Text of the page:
The local share market is expected to fall slightly this morning, as global markets stalled ahead of some key economic events.
By 7:15am (AEST), ASX futures were down 0.4 per cent.
However, the Australian dollar was steady at 71.53 US cents.
Gold prices are still hovering around their highest values ever, with investors driving up (+0.9pc) the spot price to $US1,959 an ounce overnight.
Australia’s corporate profit reporting season will begin today, with Rio Tinto announcing its half-year results at 4:15pm (AEST), just after the local market close.
Australia tipped for deflation
In local economic news, the Bureau of Statistics will publish its Consumer Price Index (CPI) for the June quarter, a key gauge of inflation.
Economists are expecting consumer prices overall to have fallen by 2 per cent since the previous quarter, its biggest drop ever.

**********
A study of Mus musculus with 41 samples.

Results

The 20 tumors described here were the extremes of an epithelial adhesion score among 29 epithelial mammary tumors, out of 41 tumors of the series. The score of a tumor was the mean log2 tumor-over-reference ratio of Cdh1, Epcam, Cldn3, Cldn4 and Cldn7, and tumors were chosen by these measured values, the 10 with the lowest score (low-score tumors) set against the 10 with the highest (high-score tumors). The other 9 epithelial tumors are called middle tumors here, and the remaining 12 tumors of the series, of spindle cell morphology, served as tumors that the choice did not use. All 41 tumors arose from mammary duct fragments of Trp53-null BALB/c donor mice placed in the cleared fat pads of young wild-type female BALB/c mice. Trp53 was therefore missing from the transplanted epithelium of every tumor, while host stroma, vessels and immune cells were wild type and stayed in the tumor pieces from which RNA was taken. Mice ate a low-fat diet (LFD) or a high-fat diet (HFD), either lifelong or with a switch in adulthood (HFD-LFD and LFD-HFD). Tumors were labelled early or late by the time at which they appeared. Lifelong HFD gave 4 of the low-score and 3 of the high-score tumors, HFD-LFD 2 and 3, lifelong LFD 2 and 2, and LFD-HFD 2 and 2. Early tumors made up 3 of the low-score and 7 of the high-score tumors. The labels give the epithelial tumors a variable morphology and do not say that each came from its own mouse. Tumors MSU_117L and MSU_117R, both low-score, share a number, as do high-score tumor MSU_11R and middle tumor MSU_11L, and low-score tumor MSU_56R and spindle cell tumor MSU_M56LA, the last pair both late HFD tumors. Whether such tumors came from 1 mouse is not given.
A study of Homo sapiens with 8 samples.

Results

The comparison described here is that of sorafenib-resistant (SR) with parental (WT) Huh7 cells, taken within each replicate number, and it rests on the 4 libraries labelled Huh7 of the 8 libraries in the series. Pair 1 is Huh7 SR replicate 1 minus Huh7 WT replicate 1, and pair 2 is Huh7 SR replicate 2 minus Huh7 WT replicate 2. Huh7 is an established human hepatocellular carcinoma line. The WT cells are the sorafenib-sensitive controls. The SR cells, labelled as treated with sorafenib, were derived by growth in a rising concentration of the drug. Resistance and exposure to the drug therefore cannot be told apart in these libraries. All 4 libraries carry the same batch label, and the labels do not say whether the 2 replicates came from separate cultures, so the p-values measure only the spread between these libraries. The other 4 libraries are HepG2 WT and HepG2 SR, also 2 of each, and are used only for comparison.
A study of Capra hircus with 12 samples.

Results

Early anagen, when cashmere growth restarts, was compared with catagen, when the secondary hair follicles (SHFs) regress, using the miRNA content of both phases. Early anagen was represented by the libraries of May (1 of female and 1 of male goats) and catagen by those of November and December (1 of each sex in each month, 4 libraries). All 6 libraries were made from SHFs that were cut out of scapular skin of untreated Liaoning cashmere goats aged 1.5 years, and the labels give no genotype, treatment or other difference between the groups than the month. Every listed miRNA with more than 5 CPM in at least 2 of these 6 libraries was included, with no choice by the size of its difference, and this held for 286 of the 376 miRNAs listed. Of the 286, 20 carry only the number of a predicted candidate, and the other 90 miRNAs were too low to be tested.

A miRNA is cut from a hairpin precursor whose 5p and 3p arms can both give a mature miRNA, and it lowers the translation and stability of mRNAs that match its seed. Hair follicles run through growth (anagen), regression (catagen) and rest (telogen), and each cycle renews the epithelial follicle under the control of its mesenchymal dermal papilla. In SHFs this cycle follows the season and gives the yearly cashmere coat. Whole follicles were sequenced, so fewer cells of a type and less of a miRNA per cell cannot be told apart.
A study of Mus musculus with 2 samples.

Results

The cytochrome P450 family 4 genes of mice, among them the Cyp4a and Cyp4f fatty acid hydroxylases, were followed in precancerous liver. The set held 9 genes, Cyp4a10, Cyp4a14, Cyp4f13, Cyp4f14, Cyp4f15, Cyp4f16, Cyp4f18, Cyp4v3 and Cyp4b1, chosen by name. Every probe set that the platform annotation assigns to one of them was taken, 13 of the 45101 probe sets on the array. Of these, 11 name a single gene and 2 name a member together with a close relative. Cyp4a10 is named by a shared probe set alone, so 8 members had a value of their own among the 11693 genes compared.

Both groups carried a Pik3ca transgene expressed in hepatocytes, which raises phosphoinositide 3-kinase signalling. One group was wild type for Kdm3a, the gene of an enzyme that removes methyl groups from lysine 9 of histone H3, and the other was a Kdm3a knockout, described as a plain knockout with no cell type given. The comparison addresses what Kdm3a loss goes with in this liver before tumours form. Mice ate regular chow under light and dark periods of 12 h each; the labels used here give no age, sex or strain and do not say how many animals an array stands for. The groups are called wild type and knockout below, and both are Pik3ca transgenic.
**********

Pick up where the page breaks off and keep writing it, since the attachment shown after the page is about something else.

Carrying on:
They are also expecting the CPI to have fallen by 0.4 per cent, since last year’s June quarter.
Free childcare, falling petrol prices, cheaper rents, healthcare premium deferrals and travel bans will likely contribute to a steep fall in consumer prices in the June quarter.
Also, the US Federal Reserve will wrap up its two-day policy meeting on Thursday morning (AEST), and markets will be paying close attention to what its chairman Jerome Powell will say about the economic outlook.
On Wall Street, the Dow Jones lost 205 points, or 0.8 per cent, to 26,379.
The S&P 500 fell by 0.7 per cent to 3,218 points.
The Nasdaq dropped by 1.3 per cent to 10,402 as major technology giants weighed on the index.
There were heavy losses for Amazon (-1.8pc), Alphabet (-1.7pc), Facebook (-1.5pc) and Apple (-1.6pc), which are due to report their quarterly earnings this week.
Also weighing on sentiment was the smaller-than-expected $US1 trillion coronavirus aid package unveiled by Senate Republicans.
Enhanced unemployment benefits are due to expire this week for millions of Americans, while Republicans and Democrats have yet to reach an agreement on further stimulus.
In Europe, Germany’s DAX was flat, while Britain’s FTSE gained 0.4 per cent.
Brent crude oil has slipped (-0.4pc) to $US43.24 US dollars a barrel.